GP leadership training aims to develop existing skills and alleviate the ongoing challenges surrounding GP recruitment and retention in Suffolk
Efforts are continuing in a bid to address the ongoing challenges around GP recruitment and encourage more doctors to stay and work in Suffolk.
Suffolk GP Federation’s latest leadership course aims to develop the skills of the existing workforce and promote career development amid a national shortage of GPs who want to join the profession.
The Future Leaders programme was held for GPs in Ipswich and included discussions on the future of general practice and the main financial, regulatory and legal challenges facing primary care.
Attendees also looked at the wider NHS and public-sector system, as well as exploring their own leadership styles.
Dr Paul Driscoll, medical director and chairman of Suffolk GP Federation, said: “GP practices in Suffolk are working under severe pressure and – as has been well reported – this is often linked to difficulties surrounding the recruitment of health professionals. Many of our more experienced GPs are also deciding to retire – leaving something of a vacuum.
“As a federation, we are working proactively to address the challenge in the most effective way and we have a number of initiatives that aim to make general practice more appealing.
“It’s vital that doctors leaving the profession are replaced and the aim of the Future Leaders programme is to create a pool of younger, enthusiastic GPs who have the skills and knowledge to drive healthcare forward in the county over the next five to 10 years.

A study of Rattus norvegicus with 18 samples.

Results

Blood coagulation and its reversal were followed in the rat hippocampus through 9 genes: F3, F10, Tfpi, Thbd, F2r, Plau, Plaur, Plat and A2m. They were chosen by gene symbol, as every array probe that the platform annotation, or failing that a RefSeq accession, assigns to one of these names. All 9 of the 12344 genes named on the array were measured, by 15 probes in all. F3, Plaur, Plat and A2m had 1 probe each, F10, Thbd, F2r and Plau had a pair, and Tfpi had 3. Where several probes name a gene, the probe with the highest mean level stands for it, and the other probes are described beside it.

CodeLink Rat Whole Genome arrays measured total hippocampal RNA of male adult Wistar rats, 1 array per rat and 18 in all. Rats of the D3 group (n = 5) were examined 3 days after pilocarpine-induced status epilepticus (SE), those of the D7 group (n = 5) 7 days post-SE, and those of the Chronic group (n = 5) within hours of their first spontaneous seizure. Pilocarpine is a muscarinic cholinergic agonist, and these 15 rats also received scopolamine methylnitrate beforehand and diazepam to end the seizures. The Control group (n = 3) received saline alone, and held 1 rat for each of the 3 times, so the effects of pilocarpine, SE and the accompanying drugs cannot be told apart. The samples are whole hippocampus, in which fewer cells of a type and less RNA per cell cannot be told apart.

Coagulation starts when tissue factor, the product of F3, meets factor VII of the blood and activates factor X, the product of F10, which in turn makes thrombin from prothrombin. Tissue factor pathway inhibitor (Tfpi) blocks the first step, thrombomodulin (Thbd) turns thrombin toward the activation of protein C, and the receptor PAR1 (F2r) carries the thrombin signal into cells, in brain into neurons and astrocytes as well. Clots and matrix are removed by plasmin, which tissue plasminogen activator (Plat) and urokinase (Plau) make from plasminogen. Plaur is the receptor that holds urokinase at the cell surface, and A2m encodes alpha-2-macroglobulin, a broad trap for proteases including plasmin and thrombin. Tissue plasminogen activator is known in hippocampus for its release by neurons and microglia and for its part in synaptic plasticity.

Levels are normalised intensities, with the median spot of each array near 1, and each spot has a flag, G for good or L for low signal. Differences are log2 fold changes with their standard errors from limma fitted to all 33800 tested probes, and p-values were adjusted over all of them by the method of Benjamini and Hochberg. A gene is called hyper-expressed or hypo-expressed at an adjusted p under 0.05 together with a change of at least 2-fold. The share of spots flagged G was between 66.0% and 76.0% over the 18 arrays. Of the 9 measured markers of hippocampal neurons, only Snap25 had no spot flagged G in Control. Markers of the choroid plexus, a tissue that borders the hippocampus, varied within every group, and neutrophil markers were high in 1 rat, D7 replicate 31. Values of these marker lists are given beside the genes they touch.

“To the best of our knowledge it’s the only training of its type in the country and we hope that it demonstrates to both newly qualified and senior GPs that Suffolk is an attractive place to work – where there is an opportunity to advance their career and expertise.”
The latest course also included a visit to the Bromley-by-Bow Centre in Tower Hamlets, which promotes non-medical aspects of well-being.
GPs said the course has helped to build their confidence and led to a desire to see positive change within their own practice.
Dr Bianca Hawkins, a salaried GP at Deben Road Surgery and Dr Solway and Dr Mallick Practice in Ipswich, said: “The programme has made a big difference to the way I now approach my role. It gave me a greater awareness of the complexity of the NHS and was a great example of how by working together we can help to drive positive change for the benefit of our patients.”
As well as the Future Leaders programme, Suffolk GP Federation also runs a Leading the Way course for newly qualified GPs to help with training and peer support.
A contribution to funding came from Ipswich & East Suffolk CCG, reaffirming the collaborative approach that health organisations across the county have been taking to improve the services available.
Maddie Baker-Woods, chief operating officer, NHS Ipswich and East Suffolk Clinical Commissioning Group, said: “The recruitment challenges facing the NHS are well known. It is essential that we work together to develop and retain our excellent current clinical teams and attract new talent so that Suffolk retains its enviable reputation for high-quality primary care.”
The Future Leaders programme was designed and facilitated by Judy Oliver, from Oliver & Company, which specialises in leadership, training and coaching for individuals, teams and organisations.